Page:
September 25, 2017

Alan Jay Lerner, wordsmith

Musical Theater geeks will recognize the name Alan Jay Lerner, but the general public may ask, “Who?”
Not only did he co-write My Fair Lady which some theater aficionados consider the perfect musical theater piece, but his creative output also included Brigadoon, Paint Your Wagon, Gigi and Camelot, all written with composer Frederick Loewe. He won Academy Awards for writing the screenplays for An American In Paris, Gigi and a nomination for the adapted screenplay for My Fair Lady so lyrics were not his only interest.


He also had some other interesting collaborations. With Burton Lane, he created the movie musical, Royal Wedding, and the stage musical, On a Clear Day You Can See Forever which was recently revived on Broadway with Harry Connick, Jr. and Jessie Mueller. He and Andre Previn penned a musical, Coco about iconic fashion designer Chanel; Lolita, My Love was a written with composer, John Barry; 1600 Pennsyvalania Avenue was co-written with the revered Leonard Bernstein; composer Charles Strouse was his partner on Dance a Little Closer. Lerner also started the movie project Dr. Doolittle but was replaced with Brit Leslie Bricusse.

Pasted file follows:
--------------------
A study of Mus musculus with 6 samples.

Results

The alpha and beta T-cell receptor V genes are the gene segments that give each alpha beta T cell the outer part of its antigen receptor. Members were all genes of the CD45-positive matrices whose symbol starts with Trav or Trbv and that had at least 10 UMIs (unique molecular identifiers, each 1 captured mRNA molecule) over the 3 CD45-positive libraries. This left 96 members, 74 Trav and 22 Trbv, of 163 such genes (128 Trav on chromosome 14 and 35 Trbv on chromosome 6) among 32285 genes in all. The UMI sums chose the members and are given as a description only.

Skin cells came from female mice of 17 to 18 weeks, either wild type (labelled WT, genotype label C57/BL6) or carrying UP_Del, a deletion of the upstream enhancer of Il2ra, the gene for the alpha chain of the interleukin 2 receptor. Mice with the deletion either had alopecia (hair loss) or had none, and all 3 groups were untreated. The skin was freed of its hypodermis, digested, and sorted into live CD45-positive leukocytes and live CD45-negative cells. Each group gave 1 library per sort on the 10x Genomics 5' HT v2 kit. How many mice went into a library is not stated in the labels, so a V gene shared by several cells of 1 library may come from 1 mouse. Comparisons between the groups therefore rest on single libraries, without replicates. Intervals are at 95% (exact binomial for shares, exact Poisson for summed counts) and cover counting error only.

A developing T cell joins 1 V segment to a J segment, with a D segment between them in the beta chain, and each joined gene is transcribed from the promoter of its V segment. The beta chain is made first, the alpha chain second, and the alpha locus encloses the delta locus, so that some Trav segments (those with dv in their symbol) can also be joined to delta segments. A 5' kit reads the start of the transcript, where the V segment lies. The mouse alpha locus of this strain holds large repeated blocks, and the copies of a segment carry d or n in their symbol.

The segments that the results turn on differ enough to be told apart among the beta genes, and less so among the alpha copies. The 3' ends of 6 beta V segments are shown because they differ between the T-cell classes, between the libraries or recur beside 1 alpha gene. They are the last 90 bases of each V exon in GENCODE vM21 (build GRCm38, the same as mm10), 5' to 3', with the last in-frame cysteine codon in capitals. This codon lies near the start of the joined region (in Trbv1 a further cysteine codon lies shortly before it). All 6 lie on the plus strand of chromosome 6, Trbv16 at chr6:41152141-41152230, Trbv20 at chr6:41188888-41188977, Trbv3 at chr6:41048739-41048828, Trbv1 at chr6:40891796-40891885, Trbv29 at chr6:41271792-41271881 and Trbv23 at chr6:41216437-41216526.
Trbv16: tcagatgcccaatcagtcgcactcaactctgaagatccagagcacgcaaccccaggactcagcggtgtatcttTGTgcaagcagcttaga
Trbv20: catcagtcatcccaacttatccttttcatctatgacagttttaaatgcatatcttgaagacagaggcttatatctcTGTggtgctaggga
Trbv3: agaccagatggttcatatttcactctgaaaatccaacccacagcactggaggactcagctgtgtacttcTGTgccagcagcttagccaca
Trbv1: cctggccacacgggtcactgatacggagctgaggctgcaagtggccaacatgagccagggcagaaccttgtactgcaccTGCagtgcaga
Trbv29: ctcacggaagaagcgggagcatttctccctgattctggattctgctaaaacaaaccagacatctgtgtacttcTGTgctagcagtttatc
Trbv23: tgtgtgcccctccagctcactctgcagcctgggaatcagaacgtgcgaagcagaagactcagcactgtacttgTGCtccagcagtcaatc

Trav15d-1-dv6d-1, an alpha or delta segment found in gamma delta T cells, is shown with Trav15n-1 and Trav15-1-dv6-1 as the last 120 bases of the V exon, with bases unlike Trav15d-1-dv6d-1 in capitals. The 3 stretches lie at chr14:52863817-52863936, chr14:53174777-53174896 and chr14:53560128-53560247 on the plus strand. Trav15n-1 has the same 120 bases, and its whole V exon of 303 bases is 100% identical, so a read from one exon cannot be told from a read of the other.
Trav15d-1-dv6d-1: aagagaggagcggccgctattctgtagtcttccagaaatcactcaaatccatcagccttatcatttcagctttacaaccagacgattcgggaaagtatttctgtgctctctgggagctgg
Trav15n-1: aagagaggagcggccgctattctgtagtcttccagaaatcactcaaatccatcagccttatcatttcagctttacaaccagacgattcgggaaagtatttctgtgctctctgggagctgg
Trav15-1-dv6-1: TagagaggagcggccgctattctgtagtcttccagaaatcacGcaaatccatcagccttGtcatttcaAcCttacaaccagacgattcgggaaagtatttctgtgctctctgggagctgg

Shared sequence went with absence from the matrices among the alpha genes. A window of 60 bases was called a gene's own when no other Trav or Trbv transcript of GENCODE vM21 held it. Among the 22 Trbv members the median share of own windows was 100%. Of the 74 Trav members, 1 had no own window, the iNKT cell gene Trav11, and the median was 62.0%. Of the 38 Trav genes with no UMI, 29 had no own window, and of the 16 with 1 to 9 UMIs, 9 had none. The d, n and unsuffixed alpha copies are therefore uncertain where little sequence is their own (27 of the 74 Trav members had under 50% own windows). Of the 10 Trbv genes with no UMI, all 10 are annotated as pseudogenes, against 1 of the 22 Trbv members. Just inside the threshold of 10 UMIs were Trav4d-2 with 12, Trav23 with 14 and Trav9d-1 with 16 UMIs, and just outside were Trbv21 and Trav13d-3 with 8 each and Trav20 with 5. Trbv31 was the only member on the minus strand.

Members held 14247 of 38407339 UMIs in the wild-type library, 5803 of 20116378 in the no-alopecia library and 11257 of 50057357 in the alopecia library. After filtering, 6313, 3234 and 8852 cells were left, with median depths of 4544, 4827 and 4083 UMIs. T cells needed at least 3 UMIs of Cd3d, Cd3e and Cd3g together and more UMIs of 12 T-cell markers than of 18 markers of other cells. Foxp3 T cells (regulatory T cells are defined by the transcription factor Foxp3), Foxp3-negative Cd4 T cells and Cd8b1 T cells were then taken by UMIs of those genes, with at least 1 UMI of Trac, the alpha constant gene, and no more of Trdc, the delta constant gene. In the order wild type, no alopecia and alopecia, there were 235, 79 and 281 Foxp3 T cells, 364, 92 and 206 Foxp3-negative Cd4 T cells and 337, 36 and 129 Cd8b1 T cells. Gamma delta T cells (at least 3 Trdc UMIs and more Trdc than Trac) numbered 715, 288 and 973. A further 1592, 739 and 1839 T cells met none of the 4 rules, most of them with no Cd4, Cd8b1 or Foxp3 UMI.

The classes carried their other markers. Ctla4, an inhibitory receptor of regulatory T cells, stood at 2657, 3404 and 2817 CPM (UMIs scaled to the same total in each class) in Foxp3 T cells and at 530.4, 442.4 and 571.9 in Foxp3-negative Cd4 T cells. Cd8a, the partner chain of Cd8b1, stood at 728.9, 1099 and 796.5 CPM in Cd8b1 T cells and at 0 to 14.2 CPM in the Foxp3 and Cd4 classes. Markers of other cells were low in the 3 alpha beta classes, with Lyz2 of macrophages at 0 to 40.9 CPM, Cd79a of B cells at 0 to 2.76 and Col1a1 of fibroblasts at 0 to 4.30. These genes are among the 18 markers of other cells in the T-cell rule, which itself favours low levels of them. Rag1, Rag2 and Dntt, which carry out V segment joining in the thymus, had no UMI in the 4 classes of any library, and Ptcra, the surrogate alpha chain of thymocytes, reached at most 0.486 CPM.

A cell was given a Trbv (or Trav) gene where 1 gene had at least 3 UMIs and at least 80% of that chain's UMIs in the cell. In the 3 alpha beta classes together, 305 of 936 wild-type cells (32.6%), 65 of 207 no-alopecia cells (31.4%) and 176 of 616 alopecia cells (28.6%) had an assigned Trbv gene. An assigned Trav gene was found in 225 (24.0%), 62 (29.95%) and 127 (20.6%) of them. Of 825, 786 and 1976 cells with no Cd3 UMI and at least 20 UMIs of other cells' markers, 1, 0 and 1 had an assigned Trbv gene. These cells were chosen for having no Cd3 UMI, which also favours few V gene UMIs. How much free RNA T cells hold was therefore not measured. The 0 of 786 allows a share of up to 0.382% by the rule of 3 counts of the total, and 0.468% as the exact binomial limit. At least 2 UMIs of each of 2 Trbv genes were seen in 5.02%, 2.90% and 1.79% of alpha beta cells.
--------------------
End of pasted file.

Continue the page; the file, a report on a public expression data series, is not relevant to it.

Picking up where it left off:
A little known fact is that Alan Jay Lerner was, for a time, the lyricist for Andrew Lloyd Webber’s Phantom of the Opera. The second act opener, Masquerade is conjectured to have an uncredited lyric by Lerner.

The celebrated librettist has two other darker claims to fame. He was a patient of Max Jacobsen, “Dr. Feelgood” and was addicted to amphetamines for 20 years. Lerner was also married 8 times and fathered four children. An ex-wife quipped, “Marriage is Alan’s way of saying goodbye.”

Still and all, every time I sing favorites like Almost Like Being In Love, On a Clear Day, On the Street Where You Live, If Ever I Would Leave You and countless other songs, I honor the brilliance of Alan Jay Lerner.